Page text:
Across the country, employers spend a fair amount of resources improving safety and ensuring minimal accidents and illnesses on the job. In fact, a recent report by the National Council on Compensation Insurance has found that claim frequency is on the way down, and an improved focus on safety can further help to continue that trend.
Declining workers' compensation insurance claims are naturally good news for employers. With fewer claims come fewer expenses, plus the added benefit of a smaller number of workplace accidents keeping skilled employees away from their jobs. Overall, this declining statistic could lead to improved productivity and a stronger bottom line for many companies.
Claim frequency ticks down again
According to the NCCI report, the 2013 accident year experienced small decreases in the number of lost-time workers' comp claims. In all likelihood, any fluctuations were driven in part by the Great Recession, which contracted the U.S. economy primarily between 2007 and 2009.
NCCI noted that lost-time claim frequency ticked down 2 percent during 2013. The last reported increase was back in 2010, with decreases experienced each following year. In addition, the overall trend since 1990 has been positive as well. Between that year and 2009, claim frequency dropped at an average rate of 4 percent each year.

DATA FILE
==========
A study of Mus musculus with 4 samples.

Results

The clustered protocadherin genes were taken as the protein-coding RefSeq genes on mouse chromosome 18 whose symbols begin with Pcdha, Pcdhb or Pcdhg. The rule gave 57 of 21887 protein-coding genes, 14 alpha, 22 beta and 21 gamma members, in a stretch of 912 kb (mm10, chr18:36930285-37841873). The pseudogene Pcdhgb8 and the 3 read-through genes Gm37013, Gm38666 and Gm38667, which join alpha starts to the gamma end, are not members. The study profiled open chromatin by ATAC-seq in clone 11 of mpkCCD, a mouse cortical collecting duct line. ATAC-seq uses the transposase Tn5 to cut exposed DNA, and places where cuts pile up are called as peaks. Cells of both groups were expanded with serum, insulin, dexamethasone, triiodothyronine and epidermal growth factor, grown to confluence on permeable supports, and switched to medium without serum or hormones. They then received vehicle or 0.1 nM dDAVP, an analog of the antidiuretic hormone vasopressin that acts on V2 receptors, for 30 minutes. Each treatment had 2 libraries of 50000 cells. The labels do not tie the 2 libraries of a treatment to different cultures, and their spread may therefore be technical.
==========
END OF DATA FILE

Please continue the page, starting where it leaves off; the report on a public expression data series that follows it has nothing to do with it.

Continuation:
The NCCI explained that the type of workers' comp claim is altered by the economy. Due to this past recession, for example, 2012 saw fewer claims above $50,000. Furthermore, all major industries felt a decline in claim frequency between 2008 and 2012.
Improved safety can keep claims down
While the shifting number of insurance claims may be related to several factors, employers do have a fair amount of control over their companies. When it comes to workers' comp, the best way to prevent accidents is to improve overall safety.
According to the Occupational Health and Safety magazine, this can be achieved by updating technology. Managers are tasked with assessing their staff, their systems and processes, among other factors. This can get overwhelming at times and lead to important considerations slipping through the cracks. Instead, technology can streamline everything. For example, web-based systems can oversee safety, training programs and other factors that could prevent on-the-job accidents. In addition, technology is also perfect for collecting, analyzing and storing data related to safety.
With these measures in place, it should be easier for employers to not only understand the risks in their companies, but also implement effective solutions to improve safety.